Feeding the Writer, Teaching the Writing


Writers observe. Writers sketch.  Writers copy.  Writers write to think.  Writers write to discover.  Writers play with words.  Writers draw.  Writers revise.  Writers play.

After reading Joy Write, by Ralph Fletcher, last summer.  I began to think about how important it is to feed writers a diet of varied experiences.  Over the years, I have seen workshops where genre, craft, elaboration, leads, endings were the focus.  But somehow, their diet seemed lacking.  I wondered what was lacking.  They were being fed healthy, nutritional lessons that all writers need.  I wondered what other experiences could we, the educators, be presenting to our young writers.

Thanks to some brave colleagues who decided to use their classrooms as centers for their research, we embarked on a journey with Journals (aka Notebooks) this year.

Denia is a fifth grade teacher who welcomed me into her room every Friday morning.  We decided that 8-8:30 would be a soft start greenbeltish time for her writers.

So every Friday morning, I joined her class for Journal Pages.  Every Friday morning, the writers were offered choices, a menu.  I wanted them to choose what they needed for their diets.  Choices often included, copying an art card to think and discover, Word of the Day, observing in a line drawing to think and discover, Slice of Life, or your choice.  They each had a small spiral bound, unlined journal, to draw and write in.  Our time on the rug lasted no more than 5 minutes and rarely, were there any questions – after all, there was no right or wrong – this was all about following their choice to see where it led them as a writer, to see what thoughts, ideas, or stories, they could discover.img_9737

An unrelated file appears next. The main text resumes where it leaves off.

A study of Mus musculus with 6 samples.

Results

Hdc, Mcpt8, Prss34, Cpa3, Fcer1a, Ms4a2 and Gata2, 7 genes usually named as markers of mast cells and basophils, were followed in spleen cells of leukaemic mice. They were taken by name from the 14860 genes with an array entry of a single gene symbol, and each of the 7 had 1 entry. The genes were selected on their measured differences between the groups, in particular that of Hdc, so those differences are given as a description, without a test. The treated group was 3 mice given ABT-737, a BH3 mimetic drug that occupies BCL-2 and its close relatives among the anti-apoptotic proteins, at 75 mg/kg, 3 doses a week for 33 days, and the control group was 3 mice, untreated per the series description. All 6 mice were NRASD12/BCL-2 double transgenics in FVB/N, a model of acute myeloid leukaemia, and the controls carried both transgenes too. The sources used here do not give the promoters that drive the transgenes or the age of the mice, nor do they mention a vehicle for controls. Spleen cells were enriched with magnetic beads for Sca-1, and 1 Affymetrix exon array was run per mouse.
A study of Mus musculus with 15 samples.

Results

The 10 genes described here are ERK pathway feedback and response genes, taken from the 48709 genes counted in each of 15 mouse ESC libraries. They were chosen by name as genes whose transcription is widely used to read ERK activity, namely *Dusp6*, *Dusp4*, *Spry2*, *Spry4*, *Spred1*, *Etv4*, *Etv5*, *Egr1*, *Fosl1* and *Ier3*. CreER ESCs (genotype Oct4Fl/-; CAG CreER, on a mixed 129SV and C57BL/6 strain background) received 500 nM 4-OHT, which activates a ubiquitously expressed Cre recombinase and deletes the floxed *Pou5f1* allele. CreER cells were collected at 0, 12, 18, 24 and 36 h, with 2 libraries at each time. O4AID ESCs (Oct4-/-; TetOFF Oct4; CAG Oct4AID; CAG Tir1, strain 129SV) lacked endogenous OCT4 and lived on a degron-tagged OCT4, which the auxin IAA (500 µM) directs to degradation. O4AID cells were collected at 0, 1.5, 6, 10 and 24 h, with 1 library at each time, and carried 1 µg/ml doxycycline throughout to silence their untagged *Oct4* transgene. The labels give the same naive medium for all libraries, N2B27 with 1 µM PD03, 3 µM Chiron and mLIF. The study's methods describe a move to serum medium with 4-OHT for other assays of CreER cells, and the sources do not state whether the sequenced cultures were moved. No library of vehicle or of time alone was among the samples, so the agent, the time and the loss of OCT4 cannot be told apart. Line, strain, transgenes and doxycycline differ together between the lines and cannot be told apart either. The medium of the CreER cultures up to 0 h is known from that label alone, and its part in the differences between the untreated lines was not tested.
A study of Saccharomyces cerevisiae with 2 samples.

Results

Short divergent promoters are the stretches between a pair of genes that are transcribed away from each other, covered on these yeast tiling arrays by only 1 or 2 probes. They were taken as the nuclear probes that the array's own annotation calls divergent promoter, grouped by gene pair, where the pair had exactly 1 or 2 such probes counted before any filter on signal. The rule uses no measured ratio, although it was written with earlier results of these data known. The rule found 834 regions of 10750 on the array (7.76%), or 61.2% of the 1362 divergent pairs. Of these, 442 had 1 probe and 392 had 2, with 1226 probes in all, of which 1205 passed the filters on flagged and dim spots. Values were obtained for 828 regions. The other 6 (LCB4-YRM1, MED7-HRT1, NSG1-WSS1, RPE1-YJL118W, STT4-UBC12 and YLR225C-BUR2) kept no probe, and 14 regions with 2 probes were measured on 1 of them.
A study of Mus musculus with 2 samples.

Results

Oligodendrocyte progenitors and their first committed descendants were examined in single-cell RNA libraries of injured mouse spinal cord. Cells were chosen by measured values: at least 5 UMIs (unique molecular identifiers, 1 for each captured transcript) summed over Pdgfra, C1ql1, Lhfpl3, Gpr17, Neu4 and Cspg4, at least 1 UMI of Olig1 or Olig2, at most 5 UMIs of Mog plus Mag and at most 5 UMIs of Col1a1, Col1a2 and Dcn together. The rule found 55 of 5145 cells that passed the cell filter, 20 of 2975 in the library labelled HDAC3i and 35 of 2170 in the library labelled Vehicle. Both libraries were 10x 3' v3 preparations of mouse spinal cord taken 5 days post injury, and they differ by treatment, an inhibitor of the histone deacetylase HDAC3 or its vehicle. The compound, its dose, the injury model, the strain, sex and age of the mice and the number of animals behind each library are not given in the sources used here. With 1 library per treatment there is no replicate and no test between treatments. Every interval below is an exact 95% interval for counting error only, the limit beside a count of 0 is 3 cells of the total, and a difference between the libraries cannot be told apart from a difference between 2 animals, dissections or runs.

Last week, we had our last Journal Pages together.  We reflected.  Just like I had with Leigh-ann’s first graders the week before, we offered up invitations to think back.  Before they went off to write, they shared words that came to mind when they thought of Journal Pages.

The fifth graders spread themselves out across the room.  Some were on the floor, others at tables.  The room was quiet.  Denia wrote, too.


  • “you are given choice and can be creative”
  • “I discovered every Friday when I am copying an art card I try to find the story behind it”
  • “sometimes I expect what will happen and sometimes it’s a total surprise” – Caroline
  • Sometimes it’s better not to have a main theme, you get more time to let your mind experience, try and search for extraordinary story ideas
  • “my journal is me and all that I am”
  • “my journal is a thing that makes me feel free when I write”
  • “I have a set time most Fridays to just write in my journal which I find relaxing”
  • “Writing in a journal not only makes me feel free, it makes me feel free.  It proves I get to make choices in my life.”

In A Researcher Learns to Write, Donald Graves writes,

“It is more useful to look at writers as constantly changing rather than as a fixed classification.”  “There is something energizing about the discovery of a child’s way of learning, or in sharing in the joy and confidence resulting from his growing sense of competence as a writer.  It is this discovery that dissipates our fatigue and renews our vitality.”  

Journals play an essential role in the diet of a writer.  I think that when we watch writers make choices and write, we get to know them as “constantly changing” and we have given them, according to Fletcher, “a tool for powerful living.”  Not every writer out there keeps a journal, but those that do, know it’s role and it’s value.  I believe, thanks to Denia’s dedication to Journal Pages each Friday, her 5th graders learned the role and value of a Journal.  Their reflections said it all.

 

 

 

 

 

 

 

 

 

 

 

 

 

 

10 thoughts on “Feeding the Writer, Teaching the Writing”

  1. These reflections say it all… and so much more! You couldn’t have scripted better responses if you tried. The students’ words speak to everything you hoped to find through this process. I hope that many of them continue to feed their writing lives. As for you and this work you have inspired, I’m excited to see what a new year will bring!